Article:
Jason Cummings reveals the Celtic fan pelters Down Under as reborn striker the ‘Cumdog’ no more

On his day off he jumps in his Kombi and drives to the nearest beach.

It’s 27 degrees in Terrigal, New South Wales, and Jason Cummings sips an iced coffee overlooking the Tasman Sea.

If it’s the morning after a game for the Central Coast Mariners, he’ll get in the water to help his legs recover.

He has even tried surfing with girlfriend Hannah. But Cummings is better in the box than on a board.

Around these parts, nobody knows who he is. No one is shouting “Cumdog” at him in a Glaswegian or Edinburgh accent.

For once in his life, the striker is enjoying quiet time. Even if he’s had to go to the other side of the world to get it.

Cummings doesn’t deny that he has brought a lot of attention to himself over the years at Hibs, Rangers, Dundee and elsewhere.

When you get a Joker tattoo on your hand and use it as a goal celebration, you also put a target on your back. He gets that. And at 26 he has no regrets.

In his younger days, it was what he was about. That personality, along with his goals, made him one of the most recognizable figures in the Scottish Premiership.

But that can become draining, even for someone like Cummings.

Jason Cummings

Now he only wants to get noticed for what he’s doing on the pitch. He’s performing well in Oz, rekindling the form he showed when he was ripping it up at Easter Road and earning a move to Nottingham Forest.

When I left Dens Park in January, I needed a kick-start.

And he has found that in Australia. The weather, the lifestyle and – most importantly the football – is clicking into place again.

Cummings is on the verge of a call-up for the Socceroos thanks to his mum being born there.

And with the lovable rogue reputation on the back burner, he’s enjoying the anonymity.

cummings told MailSport : “In Scotland it’s a goldfish bowl, especially in Glasgow and Edinburgh.

“Everyone is ready to come for you. When you go out for food or drinks, people recognize you and want to say this or that.

“I wanted to start fresh and make a name for myself here – but for football reasons. And I’m starting to show people again that I’m still a good footballer.

“That reputation, or the perception, has probably gone against me in the last few years. Instead of being recognized for being a good player, I was better known for being the joker.

“I brought that on myself and I wouldn’t change it. That’s who I am. But at heart, I still just want to show everyone how good I am.

“Over here, it’s more relaxed. It’s not as ‘in your face’ with regards to the fans and the media. You get to enjoy your football. The only time I’ve had some bother here was at one of our games.

“We were playing Western United and I could hear a Glaswegian accent in the crowd. He was shouting ‘Cumdog, Cumdog’ and swearing.

“I looked around and it was some guy wearing a Celtic shirt sticking his finger up at me. I thought I’d gotten away from all that. I’ve come to the other side of the world and I’m still getting stick!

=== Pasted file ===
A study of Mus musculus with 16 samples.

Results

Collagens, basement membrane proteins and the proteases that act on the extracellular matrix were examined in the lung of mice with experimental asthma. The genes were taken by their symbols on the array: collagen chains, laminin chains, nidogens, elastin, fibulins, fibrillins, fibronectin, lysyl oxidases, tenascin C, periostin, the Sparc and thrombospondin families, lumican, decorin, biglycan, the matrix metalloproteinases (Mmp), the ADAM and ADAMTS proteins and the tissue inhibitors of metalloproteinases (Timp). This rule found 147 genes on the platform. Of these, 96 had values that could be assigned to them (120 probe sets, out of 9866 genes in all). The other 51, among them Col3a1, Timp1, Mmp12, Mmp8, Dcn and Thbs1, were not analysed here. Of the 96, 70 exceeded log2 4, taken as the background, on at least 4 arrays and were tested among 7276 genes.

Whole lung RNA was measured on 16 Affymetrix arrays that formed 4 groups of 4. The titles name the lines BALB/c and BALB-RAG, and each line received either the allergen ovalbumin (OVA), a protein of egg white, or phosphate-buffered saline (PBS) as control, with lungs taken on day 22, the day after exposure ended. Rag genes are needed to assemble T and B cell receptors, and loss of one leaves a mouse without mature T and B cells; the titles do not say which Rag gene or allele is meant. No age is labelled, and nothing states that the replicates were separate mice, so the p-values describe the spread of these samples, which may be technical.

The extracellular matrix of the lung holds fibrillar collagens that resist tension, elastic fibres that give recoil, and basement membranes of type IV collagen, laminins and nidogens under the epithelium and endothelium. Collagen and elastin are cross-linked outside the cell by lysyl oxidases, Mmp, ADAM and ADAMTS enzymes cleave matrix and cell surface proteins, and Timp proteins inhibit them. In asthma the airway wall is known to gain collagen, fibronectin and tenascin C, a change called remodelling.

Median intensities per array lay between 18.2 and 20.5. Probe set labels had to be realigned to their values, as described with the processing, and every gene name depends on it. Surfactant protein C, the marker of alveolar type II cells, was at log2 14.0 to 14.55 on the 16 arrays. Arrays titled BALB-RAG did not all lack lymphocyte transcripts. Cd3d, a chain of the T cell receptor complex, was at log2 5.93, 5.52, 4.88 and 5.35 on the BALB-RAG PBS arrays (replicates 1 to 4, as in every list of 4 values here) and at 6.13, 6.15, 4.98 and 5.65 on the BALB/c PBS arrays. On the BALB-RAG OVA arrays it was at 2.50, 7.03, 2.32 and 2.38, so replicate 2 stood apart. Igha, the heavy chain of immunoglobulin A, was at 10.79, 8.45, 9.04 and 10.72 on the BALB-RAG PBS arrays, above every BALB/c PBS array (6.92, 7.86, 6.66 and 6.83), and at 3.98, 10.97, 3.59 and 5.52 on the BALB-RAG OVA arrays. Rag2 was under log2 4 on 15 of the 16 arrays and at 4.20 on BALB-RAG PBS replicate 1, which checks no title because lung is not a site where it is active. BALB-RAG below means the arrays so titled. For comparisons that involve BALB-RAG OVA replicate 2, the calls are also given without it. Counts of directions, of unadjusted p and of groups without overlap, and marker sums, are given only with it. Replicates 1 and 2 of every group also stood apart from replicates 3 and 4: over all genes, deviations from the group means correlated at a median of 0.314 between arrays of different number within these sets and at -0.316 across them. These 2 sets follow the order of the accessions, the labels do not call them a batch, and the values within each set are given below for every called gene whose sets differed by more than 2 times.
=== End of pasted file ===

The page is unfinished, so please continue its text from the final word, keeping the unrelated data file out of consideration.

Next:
“That’s been the only time. When I walk down the street here, no one bothers me.

“And away from football I can just enjoy the country and the lifestyle.”

The consensus in Scotland might be Cummings hasn’t fulfilled the potential he showed as a youngster at Hibs.

But he has played for Hibs, Rangers, Forest, Scotland and is now on the cusp of more international recognition due to his form in the A League.

Cummings likes to laugh and joke. But he has a serious side as well.

He said: “At times I found it hard to live up to the person. Everyone expected me to be happy and having fun all the time.

“But when you’re not playing it’s hard. There’s a private side to me.

“Back home, people just expected ‘the Cumdog’, like I was a performing monkey.

“They were waiting to see what I’d do next. But I didn’t want to do anything.

“I’m just a normal person. Of course, I’ve done stupid things – but everyone does when you’re young and you have had a drink. When you’re in the public eye it gets blown up to be a massive deal.

“When I did interviews I felt under pressure to be funny, like I was a comedian. I wished it wasn’t like that.

“People might think I haven’t done well in my career. But I’ve played for Hibs and been successful.

“I’ve played for Rangers and scored a hat-trick at Ibrox. At Shrewsbury I scored two goals against Liverpool in the FA Cup.

“I’ve had some big moments and played for Scotland. So I’ll be proud of my accomplishments when I look back.

“Not too bad for a boy brought up in Saughton Mains.

“When I was released by Hearts as a kid, I was more than happy to be a full-time gardener for the rest of my life.

“I did it for a year and a half and didn’t think I’d be a footballer. So everything after that has been a bonus.

“Now, at 26, I feel like I’ve been around for ages but I’ve still got my prime years ahead of me. I want to kickstart my career. And the world is my oyster over here.”

He took his Mariners’ tally to nine in 17 games with a double in yesterday’s 4-2 away win at Newcastle Jets.

Former Sheffield United and Scotland Under-21 player Nick Montgomery is gaffer at the Mariners and is getting the best out of Cummings, who is back making headlines again for what he’s good at.

He said: “This was a new challenge and it’s been amazing so far. I’ve got a manager who believes in me.

“I definitely see myself staying here and making a life in Australia. It helps that I have an Australian passport.

“There are big opportunities here. I’ve lots of targets and I’m still young, so have plenty of time to achieve them.

“People probably think that’s me finished coming out here. That they probably wouldn’t hear of me again.”

With Cummings, that was never going to be the case.



George Holan is chief editor at Plainsmen Post and has articles published in many notable publications in the last decade.